Sustainability is more than just a buzz word in Wisconsin agriculture. With pressure on farmers coming from the non farm public and government agencies to increase their efforts, many farmers are taking time to learn more about practices meant to improve soil health and water quality that they can utilize on their acres.
Recently farmers, agriculture professionals and local legislatures came together to share knowledge and learn more about different farm practices to increase sustainability at an event hosted by Insight FS, Growmark, Jefferson County Farm Bureau and Sustainable 4R Wisconsin. The event, held at Tag Lane Dairy in Ixonia, WI, featured four different stations tackling topics ranging from diverse cover crops, to precision nutrient application.
Kirby Wagner, Government Relations Associate Manager with Growmark shared more about the Sustainable 4R Wisconsin initiative. Formed between Insight FS, Growmark and Wi Farm Bureau, Sustainable 4R Wisconsin is a yearly event that highlights sustainability practices on farm. Each event works with the local county farm bureau as well as the county and municipality boards, bring together farmers and local leadership to discuss soil health and sustainability goals.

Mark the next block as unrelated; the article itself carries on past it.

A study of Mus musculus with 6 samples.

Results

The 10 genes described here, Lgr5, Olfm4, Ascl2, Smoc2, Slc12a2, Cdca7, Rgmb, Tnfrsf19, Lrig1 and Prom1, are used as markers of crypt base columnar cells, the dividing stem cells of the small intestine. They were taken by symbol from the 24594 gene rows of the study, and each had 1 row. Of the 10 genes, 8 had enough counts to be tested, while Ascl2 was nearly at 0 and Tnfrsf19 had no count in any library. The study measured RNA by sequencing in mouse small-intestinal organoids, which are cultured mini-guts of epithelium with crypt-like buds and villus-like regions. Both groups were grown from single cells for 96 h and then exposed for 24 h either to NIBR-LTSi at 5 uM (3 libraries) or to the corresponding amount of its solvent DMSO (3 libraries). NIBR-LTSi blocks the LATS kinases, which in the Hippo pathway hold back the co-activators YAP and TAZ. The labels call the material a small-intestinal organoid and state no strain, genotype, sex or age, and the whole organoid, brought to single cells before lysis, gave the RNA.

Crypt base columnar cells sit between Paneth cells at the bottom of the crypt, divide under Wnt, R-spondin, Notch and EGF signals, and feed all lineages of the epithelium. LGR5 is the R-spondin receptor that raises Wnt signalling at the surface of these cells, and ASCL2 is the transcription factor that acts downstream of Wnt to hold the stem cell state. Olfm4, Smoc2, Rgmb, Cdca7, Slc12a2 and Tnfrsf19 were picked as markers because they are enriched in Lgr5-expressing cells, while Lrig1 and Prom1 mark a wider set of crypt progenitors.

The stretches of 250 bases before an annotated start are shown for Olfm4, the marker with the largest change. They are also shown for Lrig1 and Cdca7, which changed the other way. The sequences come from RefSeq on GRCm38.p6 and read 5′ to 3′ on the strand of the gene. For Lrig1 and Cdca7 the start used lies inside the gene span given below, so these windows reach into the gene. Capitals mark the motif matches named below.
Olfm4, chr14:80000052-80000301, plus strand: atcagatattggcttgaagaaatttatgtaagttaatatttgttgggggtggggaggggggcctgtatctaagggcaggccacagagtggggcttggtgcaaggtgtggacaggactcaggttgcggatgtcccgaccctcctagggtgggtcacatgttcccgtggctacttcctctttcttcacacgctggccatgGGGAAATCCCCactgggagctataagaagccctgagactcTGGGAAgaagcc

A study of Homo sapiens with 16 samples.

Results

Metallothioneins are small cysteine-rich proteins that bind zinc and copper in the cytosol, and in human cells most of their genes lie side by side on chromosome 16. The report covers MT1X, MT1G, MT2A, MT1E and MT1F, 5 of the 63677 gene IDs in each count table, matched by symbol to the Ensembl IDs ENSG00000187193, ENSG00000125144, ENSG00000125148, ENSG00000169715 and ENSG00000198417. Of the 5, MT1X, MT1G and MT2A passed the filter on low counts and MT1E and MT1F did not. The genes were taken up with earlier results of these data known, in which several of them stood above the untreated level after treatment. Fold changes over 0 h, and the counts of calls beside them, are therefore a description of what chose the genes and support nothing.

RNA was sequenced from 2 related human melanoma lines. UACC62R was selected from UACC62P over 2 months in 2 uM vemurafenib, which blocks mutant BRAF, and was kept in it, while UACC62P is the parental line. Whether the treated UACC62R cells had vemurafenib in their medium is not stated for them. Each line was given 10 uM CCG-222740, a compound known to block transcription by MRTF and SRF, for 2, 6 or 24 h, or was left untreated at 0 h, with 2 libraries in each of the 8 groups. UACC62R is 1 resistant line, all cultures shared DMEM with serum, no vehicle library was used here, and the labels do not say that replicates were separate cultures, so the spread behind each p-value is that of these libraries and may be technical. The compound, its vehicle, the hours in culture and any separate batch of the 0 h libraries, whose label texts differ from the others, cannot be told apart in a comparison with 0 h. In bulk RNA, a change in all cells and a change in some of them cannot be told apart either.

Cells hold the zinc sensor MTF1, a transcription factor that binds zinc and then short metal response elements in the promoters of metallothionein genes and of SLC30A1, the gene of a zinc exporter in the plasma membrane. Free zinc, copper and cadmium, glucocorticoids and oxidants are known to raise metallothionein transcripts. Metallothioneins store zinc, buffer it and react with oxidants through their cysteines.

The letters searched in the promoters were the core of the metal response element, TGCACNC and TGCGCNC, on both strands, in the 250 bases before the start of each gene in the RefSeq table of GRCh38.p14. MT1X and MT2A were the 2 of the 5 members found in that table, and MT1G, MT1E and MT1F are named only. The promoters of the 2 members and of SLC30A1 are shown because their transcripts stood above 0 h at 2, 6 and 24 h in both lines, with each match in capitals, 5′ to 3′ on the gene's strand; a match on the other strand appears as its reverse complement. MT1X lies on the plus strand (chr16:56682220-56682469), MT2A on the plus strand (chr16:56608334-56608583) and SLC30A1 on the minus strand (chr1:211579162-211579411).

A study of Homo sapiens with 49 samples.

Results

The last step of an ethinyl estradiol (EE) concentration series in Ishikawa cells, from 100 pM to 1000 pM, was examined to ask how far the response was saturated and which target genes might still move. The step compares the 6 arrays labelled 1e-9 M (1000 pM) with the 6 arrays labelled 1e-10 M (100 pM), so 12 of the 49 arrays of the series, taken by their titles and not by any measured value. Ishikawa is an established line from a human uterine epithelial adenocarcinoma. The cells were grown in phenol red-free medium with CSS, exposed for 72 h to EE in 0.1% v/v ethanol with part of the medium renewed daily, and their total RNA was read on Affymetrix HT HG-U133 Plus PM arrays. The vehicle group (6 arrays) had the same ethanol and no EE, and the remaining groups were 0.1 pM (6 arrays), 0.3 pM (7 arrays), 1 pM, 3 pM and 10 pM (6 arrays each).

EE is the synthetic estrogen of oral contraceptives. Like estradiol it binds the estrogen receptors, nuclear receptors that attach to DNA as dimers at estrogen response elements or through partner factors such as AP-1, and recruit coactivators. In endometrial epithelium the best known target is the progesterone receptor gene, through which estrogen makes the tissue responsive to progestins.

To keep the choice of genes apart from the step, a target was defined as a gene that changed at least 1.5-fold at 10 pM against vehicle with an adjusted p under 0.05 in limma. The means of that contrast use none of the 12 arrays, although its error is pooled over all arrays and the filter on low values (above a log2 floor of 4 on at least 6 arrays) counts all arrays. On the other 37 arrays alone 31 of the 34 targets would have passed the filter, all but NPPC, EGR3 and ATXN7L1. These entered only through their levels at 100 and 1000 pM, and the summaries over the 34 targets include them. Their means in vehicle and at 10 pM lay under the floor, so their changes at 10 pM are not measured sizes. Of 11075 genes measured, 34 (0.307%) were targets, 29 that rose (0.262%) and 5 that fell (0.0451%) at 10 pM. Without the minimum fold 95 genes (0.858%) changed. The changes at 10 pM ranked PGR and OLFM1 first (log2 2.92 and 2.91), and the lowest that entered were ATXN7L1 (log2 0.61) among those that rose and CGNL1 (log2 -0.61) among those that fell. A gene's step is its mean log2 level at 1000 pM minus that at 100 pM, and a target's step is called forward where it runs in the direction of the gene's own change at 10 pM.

According to Brendan Blank, Forage Specialist with Byron Seeds, there are now over 40 local watershed and county groups led by Wisconsin farmers. These groups not only provide educational opportunities for local farmers, they also are building bridges with those outside of agriculture.
“There’s been a really neat partnership formed with these lake groups and with lake property owners where the farmers have been able to go to them and say, here’s what we’re doing to reduce runoff and make the water that’s running off our farms cleaner and these lake owners say ‘Well, that’s really good. We want to encourage that. We want to help encourage that education process, and even contribute some money to helping pay for some of these cover crops that are going out. Some of these acres’, The neat thing about a lot of this stuff is their practices that our profitable for the farmers and they’re beneficial to the rest of the public as well.”
Scott Schultz, Jefferson County farmer and member of the Jefferson County Soil Builders group, says that their group has secured funding through the county’s land and water department and through grants from local lake improvement groups to provide incentives to farmers in Jefferson County to try cover crops. This year they are encouraging further crop diversification by having added incentives for farmers to plant multi-species cover crops.
The event host farm, Tag Lane Dairy is owned by the Griswold family and is a 1,700 cow and 2,200 acre farm that has been in operation since 1967. As part of the event Kevin Griswold shared his perspective on the future of their family’s farm and how the soil health practices they have adopted will help to meet the needs of their land as well as aligning with the greater goals of increased sustainability in the agriculture industry.